Attempt to meet 2015 forecast could undermine relative stability on Belarusian currency market
In H1 2015, the Belarusian economy was far behind the targets planned for 2015. The economy is lagging behind mainly due to the devaluation of the national currencies in Russia and Belarus, as well as sanctions imposed against Russia. Economic tasks set by Lukashenka may only be achieved by switching on the printing press, which, in the short term, may lead to devastating consequences for the domestic currency market.
Presidential decree No 550 of December 1st, 2014 envisaged GDP growth in 2015 at 0.2% -0.7%, labour productivity at 1.5% - 2% and real incomes at 1.1% - 1.5%. However, in H1 2015 GDP fell by 3.3%, labour productivity decreased by 1.5% and real incomes of the population decreased by 5%. In addition, exports of goods and services have not reached the anticipated volumes, while the balance of goods and services has demonstrated better values than expected.
Belarus is currently unable to meet the projected socio-economic development parameters for 2015 due to several factors. Firstly, the forecast has been approved before the devaluation and has not envisaged changes in macroeconomic indicators following the devaluation of the national currency. In addition, the forecast had overstated the average cost of oil, which had a negative impact on international trade data. Secondly, the forecast has not take into account the negative effects of sanctions on the Russian economy. And finally, the forecast for diversification of exports of Belarusian products has been overestimated.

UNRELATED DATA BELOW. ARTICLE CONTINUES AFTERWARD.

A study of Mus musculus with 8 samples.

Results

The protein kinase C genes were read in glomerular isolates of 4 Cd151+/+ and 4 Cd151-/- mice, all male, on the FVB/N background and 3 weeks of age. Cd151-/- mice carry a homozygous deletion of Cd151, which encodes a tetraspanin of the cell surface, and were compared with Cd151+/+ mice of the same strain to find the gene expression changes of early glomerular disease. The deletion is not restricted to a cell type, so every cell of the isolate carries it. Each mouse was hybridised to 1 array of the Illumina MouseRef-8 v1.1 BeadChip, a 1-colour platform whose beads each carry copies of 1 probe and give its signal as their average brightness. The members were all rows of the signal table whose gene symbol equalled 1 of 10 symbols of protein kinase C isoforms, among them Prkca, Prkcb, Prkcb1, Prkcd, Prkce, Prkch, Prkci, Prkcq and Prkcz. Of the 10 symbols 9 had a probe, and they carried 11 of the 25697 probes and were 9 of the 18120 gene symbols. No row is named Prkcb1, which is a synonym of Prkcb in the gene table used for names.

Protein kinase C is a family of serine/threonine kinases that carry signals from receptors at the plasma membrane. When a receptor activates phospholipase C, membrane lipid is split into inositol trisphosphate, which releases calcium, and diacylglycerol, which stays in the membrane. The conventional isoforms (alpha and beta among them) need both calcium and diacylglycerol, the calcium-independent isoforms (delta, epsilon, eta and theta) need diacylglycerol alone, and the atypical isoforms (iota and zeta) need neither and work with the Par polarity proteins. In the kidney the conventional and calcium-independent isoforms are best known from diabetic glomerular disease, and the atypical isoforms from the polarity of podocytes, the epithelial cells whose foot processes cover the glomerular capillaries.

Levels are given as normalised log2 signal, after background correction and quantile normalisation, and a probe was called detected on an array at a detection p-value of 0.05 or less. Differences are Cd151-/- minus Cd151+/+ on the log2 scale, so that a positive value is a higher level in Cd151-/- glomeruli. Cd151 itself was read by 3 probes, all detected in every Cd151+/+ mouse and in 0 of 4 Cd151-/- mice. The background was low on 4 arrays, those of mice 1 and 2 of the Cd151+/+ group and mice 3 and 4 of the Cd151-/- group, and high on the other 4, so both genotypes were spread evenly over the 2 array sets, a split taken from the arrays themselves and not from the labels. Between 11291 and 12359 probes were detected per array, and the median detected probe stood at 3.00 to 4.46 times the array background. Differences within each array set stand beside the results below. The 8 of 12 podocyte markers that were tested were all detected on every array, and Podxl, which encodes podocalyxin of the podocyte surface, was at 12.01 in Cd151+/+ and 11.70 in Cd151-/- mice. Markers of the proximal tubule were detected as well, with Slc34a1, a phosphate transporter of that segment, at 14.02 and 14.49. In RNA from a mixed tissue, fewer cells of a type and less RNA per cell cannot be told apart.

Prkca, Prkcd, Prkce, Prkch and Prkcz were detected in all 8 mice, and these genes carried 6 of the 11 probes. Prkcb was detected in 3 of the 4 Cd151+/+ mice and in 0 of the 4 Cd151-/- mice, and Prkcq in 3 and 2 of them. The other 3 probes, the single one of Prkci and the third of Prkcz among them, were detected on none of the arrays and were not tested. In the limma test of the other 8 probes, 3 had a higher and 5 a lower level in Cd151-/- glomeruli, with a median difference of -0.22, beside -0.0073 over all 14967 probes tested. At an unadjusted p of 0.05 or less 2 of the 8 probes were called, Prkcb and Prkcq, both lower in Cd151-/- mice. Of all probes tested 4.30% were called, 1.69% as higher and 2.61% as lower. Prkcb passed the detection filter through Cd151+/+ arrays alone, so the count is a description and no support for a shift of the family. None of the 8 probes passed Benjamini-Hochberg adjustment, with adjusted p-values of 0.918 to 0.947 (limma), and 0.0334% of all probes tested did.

In H2 2015 GDP would somewhat improve due to the low comparative base of H1, however, not enough to meet the forecast. Current oil prices deteriorate the situation and enhance the negative impact on demand from Russian companies for Belarusian products.
In the given circumstances, the forecast may only be achieved if the government switches on the printing press to pump the economy as it did in 2010. Higher wages would then lead to a surge in consumption and growth of indices in wholesale and retail trade. Demand for domestic products would increase adding a few percentage points to industrial production. Goods unsold on the market would be sent away to warehouses.
However, in the shot-term, such pumping of the economy with money would lead to a sharp elevation of pressure on the currency market, growth of imports, reduction of exports due to rising costs, and the need to devalue the Belarusian rouble. In order to avoid potential catastrophic consequences the government may choose moderate stimulation of the economy, yet in that case, it would be unable to meet the projected forecast and would blame it on the negative processes in the global economy.
In 2015, Belarus would be unable to meet the economic growth forecast without pumping money into the economy. The government may choose moderate stimulation of the economy, yet nevertheless would be unable to meet the projected forecast.
According to Belstat, in August 7,600 people were dismissed, including 4,800 civil servants. Dismissals of civil servants were due to the optimisation in the public administration by up to 30%. Some civil servants would retain their job however would lose the status of a civil servant. Vacancies on the labour market are likely to reduce in number, thanks to the optimisation, the state administration would increase wages for public servants. The payroll fund for retained employees is likely to increase and some former state employees are likely to get jobs in affiliated organizations. The optimisation of the state apparatus should complete by January 1st, 2018, and some former civil servants are likely to join the ranks of the unemployed.